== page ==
Retina iMac: Is it bad the i5 has no hyperthreading (for Logic)?

apfelmann

macrumors 6502
Original poster
Jul 23, 2007
341
85
I just found out, the i5 chips in the retina iMac are not capable of hyperthreading.

Does someone know, if I will need hyperthreading in LOGIC PRO X? Or is the i5 enough?
 

mike1123

macrumors 6502
Sep 19, 2007
266
32
Here's the thing with Logic and any other software-based music production software, for that matter: processor speed is almost always your greatest bottleneck. Hyper threading does enable twice as many virtual cpu channels in Logic, and Logic X is pretty efficient at distributing CPU load (but each instance of a software instrument/audio plug in is usually restricted to a single channel, hence multi-timbral instruments don't really benefit from multi-threaded distribution).

Bottom line: Hyper threading helps, clock speed helps more. For music production in general, the faster the CPU, the better. If you're serious about producing, do a BTO with the 4.0GHz i7. Not just for the hyper threading, but for the additional clock speed. You will get by with the i5, but it will show its age much faster, and given the nature of an all-in-one like the iMac coupled with the 5K screen, you're going to want to future-proof whatever you get. Also highly recommend 16GB RAM and at least a fusion drive, if you can't afford a full PCI-e SSD upgrade.
 

apfelmann

macrumors 6502
Original poster
Jul 23, 2007
341
85
Here's the thing with Logic and any other software-based music production software, for that matter: processor speed is almost always your greatest bottleneck. Hyper threading does enable twice as many virtual cpu channels in Logic, and Logic X is pretty efficient at distributing CPU load (but each instance of a software instrument/audio plug in is usually restricted to a single channel, hence multi-timbral instruments don't really benefit from multi-threaded distribution).

Bottom line: Hyper threading helps, clock speed helps more. For music production in general, the faster the CPU, the better. If you're serious about producing, do a BTO with the 4.0GHz i7. Not just for the hyper threading, but for the additional clock speed. You will get by with the i5, but it will show its age much faster, and given the nature of an all-in-one like the iMac coupled with the 5K screen, you're going to want to future-proof whatever you get. Also highly recommend 16GB RAM and at least a fusion drive, if you can't afford a full PCI-e SSD upgrade.
Thanks a lot for your reply!
I have to choose between a 15" rMBP and the retina iMac.
I think I'll take the iMac and use my 2009 MacBook Pro for audio recording at other places. Single track audio recording should still work fine on older hardware in low latency mode, am I right?
 

mike1123

macrumors 6502
Sep 19, 2007
266
32
Thanks a lot for your reply!
I have to choose between a 15" rMBP and the retina iMac.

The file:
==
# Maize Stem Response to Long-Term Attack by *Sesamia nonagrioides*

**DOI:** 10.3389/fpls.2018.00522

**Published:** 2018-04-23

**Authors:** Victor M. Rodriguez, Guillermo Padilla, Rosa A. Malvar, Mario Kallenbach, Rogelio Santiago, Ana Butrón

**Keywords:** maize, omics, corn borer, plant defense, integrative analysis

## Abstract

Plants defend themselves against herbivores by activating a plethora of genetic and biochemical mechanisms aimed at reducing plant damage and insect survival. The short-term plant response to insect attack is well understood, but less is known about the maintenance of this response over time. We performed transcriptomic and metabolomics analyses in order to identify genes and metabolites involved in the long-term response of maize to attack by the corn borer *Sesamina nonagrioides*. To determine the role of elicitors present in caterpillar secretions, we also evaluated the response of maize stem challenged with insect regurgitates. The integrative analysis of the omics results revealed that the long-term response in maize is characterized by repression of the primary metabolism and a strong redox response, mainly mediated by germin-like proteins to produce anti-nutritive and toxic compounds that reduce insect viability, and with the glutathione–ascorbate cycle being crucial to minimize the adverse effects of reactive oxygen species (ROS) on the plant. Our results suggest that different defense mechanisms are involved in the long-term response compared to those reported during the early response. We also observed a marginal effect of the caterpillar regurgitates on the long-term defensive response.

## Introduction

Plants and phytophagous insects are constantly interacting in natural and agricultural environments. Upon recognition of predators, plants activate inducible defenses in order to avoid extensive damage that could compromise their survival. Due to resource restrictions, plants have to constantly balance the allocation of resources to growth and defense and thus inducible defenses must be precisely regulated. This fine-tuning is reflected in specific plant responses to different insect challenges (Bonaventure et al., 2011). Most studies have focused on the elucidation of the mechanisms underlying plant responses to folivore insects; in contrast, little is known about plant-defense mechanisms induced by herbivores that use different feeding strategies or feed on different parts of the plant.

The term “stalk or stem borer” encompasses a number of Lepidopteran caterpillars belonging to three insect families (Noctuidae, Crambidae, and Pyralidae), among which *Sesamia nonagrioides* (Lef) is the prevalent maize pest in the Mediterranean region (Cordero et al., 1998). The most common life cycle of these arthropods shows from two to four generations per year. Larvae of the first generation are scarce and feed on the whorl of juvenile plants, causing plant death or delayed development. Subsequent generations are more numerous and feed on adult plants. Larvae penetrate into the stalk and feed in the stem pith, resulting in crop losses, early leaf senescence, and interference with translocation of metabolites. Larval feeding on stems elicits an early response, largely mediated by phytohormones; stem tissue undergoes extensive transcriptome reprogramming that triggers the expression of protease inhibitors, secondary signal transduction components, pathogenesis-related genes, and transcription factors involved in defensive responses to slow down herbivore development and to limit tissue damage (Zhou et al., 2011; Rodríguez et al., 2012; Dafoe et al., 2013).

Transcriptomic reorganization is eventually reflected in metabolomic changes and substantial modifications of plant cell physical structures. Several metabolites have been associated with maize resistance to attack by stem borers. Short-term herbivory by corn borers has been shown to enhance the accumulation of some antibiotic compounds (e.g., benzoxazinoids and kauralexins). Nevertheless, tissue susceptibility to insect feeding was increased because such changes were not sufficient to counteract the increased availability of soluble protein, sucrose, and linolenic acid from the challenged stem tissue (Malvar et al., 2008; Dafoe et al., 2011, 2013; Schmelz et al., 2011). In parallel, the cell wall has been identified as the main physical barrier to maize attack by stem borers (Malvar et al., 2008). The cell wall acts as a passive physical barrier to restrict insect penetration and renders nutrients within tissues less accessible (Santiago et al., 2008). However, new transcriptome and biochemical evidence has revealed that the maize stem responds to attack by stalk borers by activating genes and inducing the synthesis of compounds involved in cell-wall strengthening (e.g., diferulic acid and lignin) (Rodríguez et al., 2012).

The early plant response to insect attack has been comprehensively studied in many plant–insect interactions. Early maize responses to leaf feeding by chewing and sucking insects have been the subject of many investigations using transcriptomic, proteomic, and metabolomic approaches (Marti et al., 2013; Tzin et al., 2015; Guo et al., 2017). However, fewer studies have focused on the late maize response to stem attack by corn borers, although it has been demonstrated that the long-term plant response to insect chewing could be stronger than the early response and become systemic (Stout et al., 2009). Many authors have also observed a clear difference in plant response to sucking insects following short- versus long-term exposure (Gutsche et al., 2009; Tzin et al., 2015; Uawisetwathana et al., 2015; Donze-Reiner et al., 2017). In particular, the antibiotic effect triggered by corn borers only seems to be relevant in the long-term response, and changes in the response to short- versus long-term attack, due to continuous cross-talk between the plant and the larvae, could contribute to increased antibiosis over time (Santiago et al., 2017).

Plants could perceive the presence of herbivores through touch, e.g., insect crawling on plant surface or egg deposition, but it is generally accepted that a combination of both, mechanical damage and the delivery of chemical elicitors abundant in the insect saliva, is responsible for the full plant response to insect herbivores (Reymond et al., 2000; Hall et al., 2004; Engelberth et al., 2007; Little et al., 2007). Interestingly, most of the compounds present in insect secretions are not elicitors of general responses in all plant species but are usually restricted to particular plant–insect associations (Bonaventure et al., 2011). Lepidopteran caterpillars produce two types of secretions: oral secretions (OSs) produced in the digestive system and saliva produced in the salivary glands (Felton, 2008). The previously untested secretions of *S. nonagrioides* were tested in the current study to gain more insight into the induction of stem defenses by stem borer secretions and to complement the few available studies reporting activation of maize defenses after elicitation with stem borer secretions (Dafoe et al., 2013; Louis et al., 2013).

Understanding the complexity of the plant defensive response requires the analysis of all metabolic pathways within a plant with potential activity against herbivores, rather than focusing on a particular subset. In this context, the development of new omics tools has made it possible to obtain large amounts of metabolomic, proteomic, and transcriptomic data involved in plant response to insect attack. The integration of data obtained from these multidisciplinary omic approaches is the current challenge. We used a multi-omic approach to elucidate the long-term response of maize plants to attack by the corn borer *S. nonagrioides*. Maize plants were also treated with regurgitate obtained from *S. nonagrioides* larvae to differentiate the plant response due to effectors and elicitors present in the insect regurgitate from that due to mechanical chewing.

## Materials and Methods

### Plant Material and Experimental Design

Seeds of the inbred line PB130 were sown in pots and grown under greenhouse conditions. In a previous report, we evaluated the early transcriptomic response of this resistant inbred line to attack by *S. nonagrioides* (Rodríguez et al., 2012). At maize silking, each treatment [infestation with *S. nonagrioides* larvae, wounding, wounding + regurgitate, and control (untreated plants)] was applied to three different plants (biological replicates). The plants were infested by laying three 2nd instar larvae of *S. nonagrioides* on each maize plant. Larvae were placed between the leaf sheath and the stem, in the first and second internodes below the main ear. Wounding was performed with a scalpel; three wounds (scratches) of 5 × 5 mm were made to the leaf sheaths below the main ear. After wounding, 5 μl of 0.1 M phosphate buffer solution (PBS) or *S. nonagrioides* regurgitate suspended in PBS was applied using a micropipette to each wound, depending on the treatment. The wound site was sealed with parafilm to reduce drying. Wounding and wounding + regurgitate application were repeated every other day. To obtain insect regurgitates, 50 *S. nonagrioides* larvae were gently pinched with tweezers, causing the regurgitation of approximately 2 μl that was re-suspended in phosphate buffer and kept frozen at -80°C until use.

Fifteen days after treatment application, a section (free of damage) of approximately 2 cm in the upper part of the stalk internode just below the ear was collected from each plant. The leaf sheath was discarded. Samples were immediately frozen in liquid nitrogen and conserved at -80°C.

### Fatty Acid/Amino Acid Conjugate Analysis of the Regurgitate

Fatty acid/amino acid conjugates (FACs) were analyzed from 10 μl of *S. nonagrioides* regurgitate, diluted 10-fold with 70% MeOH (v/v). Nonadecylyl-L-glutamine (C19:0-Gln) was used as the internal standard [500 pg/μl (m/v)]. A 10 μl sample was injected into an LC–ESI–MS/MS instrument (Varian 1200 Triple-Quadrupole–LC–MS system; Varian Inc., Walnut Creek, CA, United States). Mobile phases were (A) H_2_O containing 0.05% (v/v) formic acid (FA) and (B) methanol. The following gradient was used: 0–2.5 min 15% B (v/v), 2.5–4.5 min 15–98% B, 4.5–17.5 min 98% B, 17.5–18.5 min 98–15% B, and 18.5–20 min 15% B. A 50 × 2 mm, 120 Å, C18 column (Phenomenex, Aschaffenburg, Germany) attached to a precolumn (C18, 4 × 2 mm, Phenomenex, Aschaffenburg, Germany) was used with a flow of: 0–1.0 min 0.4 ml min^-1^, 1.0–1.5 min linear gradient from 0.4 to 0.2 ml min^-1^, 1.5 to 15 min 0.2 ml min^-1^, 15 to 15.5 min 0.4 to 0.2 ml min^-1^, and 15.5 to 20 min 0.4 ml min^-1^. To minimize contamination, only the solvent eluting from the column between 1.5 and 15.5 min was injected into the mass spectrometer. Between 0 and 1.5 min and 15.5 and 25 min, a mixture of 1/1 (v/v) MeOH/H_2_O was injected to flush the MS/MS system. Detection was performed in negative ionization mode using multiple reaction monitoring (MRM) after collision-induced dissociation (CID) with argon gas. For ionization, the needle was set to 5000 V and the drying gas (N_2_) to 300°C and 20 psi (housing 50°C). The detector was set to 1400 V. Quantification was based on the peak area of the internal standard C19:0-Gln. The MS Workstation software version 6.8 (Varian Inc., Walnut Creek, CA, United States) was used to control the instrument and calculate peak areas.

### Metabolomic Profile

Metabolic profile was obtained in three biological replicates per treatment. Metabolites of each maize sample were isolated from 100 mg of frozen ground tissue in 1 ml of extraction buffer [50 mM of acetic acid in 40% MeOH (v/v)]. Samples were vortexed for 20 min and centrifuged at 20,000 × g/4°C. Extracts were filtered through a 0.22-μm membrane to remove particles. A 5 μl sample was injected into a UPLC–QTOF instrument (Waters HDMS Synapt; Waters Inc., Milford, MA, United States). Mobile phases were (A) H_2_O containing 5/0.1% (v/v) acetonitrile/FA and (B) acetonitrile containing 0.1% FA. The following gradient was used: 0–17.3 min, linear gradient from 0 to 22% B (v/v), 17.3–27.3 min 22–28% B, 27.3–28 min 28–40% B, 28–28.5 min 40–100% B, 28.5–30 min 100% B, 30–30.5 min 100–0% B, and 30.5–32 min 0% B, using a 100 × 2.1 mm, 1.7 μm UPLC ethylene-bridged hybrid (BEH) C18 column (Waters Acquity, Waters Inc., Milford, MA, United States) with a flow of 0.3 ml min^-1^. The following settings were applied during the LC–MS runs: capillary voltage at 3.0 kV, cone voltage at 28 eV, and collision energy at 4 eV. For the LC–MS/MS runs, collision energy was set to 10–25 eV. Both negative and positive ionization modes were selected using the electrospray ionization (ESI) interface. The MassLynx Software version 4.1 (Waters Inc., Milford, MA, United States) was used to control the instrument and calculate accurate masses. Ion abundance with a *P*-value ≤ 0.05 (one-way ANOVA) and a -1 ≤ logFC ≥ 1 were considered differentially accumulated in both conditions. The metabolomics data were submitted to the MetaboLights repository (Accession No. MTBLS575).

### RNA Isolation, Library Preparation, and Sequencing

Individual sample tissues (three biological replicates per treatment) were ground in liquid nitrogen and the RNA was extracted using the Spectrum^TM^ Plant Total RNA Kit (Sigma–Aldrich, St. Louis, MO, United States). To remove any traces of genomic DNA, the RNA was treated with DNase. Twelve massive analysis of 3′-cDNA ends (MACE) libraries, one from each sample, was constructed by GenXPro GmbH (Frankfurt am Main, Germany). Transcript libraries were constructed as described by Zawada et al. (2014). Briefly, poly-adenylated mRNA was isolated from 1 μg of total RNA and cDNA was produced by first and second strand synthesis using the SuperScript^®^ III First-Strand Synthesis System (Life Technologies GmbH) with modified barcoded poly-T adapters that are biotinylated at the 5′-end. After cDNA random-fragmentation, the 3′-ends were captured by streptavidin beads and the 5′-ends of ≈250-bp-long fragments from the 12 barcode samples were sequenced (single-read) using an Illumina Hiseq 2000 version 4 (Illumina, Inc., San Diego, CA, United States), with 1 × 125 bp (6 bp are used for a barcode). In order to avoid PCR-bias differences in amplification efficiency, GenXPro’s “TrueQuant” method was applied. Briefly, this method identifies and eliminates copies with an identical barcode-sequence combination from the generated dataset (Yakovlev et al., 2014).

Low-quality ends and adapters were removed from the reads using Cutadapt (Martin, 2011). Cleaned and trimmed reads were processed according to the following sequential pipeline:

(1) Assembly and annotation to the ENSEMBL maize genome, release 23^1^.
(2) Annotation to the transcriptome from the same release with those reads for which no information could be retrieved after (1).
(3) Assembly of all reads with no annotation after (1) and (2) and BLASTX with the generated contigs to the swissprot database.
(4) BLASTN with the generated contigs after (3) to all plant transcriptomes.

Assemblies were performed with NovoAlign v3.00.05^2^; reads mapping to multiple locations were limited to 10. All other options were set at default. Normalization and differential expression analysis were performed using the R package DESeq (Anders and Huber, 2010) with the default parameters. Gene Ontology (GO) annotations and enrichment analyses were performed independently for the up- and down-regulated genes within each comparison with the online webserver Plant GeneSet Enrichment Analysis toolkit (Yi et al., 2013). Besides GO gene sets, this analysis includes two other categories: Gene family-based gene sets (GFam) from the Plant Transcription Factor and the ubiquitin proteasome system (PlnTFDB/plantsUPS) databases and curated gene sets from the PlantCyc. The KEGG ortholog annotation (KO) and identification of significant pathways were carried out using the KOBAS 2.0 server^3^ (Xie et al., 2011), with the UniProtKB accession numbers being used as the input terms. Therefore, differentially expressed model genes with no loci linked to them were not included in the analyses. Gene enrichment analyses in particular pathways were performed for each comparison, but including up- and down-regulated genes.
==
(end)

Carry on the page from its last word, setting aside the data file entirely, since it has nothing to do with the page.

I think I'll take the iMac and use my 2009 MacBook Pro for audio recording at other places. Single track audio recording should still work fine on older hardware in low latency mode, am I right?
I'm still using my 2009 MacBook Pro, and it's starting to get rough around the edges but still running strong. I have used it for mixing/production in the past. The beautiful thing about OS X is Core Audio, which gives you low latency pretty much across the board, unlike Windows, where ASIO is all but required to make music. Of course, that is mainly for software instruments.

For single track audio? You are totally fine. Latency for audio recording is far less of an issue than it is for MIDI-generated software instruments a la Omnisphere, Native Instruments plugins, etc... Most important factors for good audio recordings are a quality microphone and a good DAC. Stock MBP DAC can squeak you by for jotting down ideas/phrases/tests, but you'll want to invest in an external sound card and better microphone for serious recording. That said, because of the external nature of those components, your current MBP will run just as well for audio as a new one would with the same equipment, so invest in the mic and external DAC/sound card and you'll be in great shape. :cool:
 

apfelmann

macrumors 6502
Original poster
Jul 23, 2007
341
85
I'm still using my 2009 MacBook Pro, and it's starting to get rough around the edges but still running strong. I have used it for mixing/production in the past. The beautiful thing about OS X is Core Audio, which gives you low latency pretty much across the board, unlike Windows, where ASIO is all but required to make music. Of course, that is mainly for software instruments.

For single track audio? You are totally fine. Latency for audio recording is far less of an issue than it is for MIDI-generated software instruments a la Omnisphere, Native Instruments plugins, etc... Most important factors for good audio recordings are a quality microphone and a good DAC. Stock MBP DAC can squeak you by for jotting down ideas/phrases/tests, but you'll want to invest in an external sound card and better microphone for serious recording. That said, because of the external nature of those components, your current MBP will run just as well for audio as a new one would with the same equipment, so invest in the mic and external DAC/sound card and you'll be in great shape. :cool:
thanks again for sharing your know-how!